Prices for materials used in construction jumped 0.9 percent in January and 4.9 percent during the past 12 months, while price indexes for finished buildings barely changed during the same timeframe, the economist noted. He added that construction costs also outstripped the producer price index for finished goods, which rose 0.8 percent during the past month and 3.6 percent since January 2010.
Simonson siad that prices soared at double-digit rates over the year for five key construction materials. Diesel fuel prices climbed 3.2 percent in January and 17.7 percent for the year; steel mill product prices rose 2.0 percent and 11.5 percent respectively; hot rolled boars, plates and structural shapes were up 2.2 percent and 14.3 percent; prices for steel pipe and tube rose 17.8 percent over the year and 2.8 percent in January; and prices for prefabricated metal buildings rose 5.2 percent in January and 12.0 percent for the year.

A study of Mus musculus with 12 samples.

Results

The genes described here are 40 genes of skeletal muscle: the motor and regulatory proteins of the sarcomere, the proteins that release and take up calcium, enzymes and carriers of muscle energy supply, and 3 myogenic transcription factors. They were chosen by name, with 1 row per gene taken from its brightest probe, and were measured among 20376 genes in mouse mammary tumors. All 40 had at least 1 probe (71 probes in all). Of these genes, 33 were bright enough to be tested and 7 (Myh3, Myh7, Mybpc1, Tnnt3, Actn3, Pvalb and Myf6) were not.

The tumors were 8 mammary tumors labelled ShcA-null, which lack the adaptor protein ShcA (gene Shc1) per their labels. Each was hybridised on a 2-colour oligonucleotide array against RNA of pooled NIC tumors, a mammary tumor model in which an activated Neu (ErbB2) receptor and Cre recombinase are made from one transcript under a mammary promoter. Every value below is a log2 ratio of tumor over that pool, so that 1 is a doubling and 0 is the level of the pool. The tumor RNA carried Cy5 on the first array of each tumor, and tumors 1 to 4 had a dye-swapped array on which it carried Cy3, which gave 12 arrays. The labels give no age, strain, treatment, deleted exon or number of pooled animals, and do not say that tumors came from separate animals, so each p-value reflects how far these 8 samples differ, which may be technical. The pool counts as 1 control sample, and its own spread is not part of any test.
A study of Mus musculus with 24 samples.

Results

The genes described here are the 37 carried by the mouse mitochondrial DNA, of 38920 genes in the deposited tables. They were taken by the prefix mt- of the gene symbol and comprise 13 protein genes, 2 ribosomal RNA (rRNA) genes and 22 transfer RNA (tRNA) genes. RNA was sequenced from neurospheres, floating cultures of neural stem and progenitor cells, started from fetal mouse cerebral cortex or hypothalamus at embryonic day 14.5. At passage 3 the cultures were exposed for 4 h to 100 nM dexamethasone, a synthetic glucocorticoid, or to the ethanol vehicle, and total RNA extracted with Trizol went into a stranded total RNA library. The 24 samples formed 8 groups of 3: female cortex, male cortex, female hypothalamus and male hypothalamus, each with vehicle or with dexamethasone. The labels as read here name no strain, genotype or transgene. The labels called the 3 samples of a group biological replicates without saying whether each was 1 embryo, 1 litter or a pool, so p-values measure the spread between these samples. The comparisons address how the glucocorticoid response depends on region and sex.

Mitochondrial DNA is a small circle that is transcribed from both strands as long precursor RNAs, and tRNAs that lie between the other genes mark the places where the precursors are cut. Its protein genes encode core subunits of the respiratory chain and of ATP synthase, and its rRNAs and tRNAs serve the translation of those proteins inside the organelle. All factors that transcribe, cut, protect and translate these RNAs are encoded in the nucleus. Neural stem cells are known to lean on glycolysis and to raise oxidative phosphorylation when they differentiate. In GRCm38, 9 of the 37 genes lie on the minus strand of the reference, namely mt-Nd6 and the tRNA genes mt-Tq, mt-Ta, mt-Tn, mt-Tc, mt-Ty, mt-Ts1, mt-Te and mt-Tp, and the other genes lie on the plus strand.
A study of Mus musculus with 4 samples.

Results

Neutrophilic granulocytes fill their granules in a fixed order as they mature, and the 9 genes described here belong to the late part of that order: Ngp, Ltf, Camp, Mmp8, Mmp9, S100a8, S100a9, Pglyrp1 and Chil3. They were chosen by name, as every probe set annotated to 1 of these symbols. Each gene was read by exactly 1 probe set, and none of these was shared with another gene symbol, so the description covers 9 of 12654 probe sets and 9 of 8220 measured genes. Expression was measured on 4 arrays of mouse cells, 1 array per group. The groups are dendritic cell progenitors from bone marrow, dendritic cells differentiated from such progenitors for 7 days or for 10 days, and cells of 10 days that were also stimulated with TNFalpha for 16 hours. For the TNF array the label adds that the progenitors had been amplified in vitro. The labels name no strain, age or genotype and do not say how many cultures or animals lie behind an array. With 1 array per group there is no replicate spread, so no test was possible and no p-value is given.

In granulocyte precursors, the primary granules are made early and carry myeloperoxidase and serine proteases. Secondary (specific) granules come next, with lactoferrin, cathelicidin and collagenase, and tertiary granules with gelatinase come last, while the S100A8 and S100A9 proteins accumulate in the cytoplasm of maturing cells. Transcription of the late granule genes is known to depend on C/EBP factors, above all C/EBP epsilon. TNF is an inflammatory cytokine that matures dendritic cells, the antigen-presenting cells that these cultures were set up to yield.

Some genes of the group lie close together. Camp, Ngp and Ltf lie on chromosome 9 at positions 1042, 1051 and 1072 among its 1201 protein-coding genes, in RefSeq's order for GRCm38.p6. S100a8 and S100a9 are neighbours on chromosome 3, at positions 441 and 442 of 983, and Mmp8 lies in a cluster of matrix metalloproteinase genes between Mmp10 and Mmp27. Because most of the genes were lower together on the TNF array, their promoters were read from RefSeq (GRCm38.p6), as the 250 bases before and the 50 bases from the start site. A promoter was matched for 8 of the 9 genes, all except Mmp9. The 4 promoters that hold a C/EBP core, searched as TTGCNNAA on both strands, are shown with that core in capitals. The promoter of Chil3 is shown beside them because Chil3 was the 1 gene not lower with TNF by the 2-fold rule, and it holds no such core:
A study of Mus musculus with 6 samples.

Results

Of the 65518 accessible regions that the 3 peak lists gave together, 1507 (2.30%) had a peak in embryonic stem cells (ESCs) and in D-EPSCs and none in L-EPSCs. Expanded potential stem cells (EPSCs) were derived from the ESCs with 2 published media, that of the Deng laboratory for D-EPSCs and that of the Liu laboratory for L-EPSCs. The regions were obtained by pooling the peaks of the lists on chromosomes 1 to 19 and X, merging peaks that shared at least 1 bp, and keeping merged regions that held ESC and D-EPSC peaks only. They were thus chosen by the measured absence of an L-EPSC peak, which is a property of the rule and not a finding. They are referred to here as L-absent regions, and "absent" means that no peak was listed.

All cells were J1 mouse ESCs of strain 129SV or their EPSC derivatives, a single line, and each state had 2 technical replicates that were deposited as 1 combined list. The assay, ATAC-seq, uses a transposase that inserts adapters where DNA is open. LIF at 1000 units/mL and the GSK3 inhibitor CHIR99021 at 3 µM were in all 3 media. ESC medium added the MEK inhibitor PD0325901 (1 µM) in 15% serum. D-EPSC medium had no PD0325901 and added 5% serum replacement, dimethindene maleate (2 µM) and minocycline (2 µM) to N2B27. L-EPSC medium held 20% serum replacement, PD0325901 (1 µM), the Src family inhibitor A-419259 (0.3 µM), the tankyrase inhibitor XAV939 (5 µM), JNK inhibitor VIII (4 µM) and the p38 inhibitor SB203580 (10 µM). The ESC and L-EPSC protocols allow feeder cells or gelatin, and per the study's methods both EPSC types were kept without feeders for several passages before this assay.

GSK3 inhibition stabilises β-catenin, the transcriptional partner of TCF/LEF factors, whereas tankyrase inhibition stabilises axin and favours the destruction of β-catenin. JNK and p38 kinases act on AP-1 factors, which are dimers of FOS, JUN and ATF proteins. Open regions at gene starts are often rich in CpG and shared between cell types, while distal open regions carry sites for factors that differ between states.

Weak demand for both public and privately-financed construction, which is driving up the number of contractors bidding on projects, is forcing contractors to hold the line on bid prices, Simonson said. The producer price index for new industrial and warehouse construction was virtually unchanged, inching up only 0.2 percent in the month and 0.6 percent (industrial buildings) and 0.7 percent (warehouses) for the year. Meanwhile, the producer price for new office construction was up only 0.2 percent for the year, despite a 1.0 percent increase in January.
Other items that contributed to the January climb included copper and brass mill shapes, 3.3 percent and 9.9 percent for the month and year respectively; lumber and plywood, 2.0 percent and 7.4 percent; aluminum mill shapes, 1.0 percent and 9.2 percent; and fabricated structural metal, 1.6 percent and 3.1 percent. Prices in January and the year were little changed, or down, for brick and structural clay tile, -2.4 percent and -2.4 percent; concrete products, 0.1 percent and 0.0 percent; and gypsum products, -3.3 percent and 0.5 percent.
Simonson was featured in the recent program: the 2011 Economic Forecast for Manufacturing and Construction.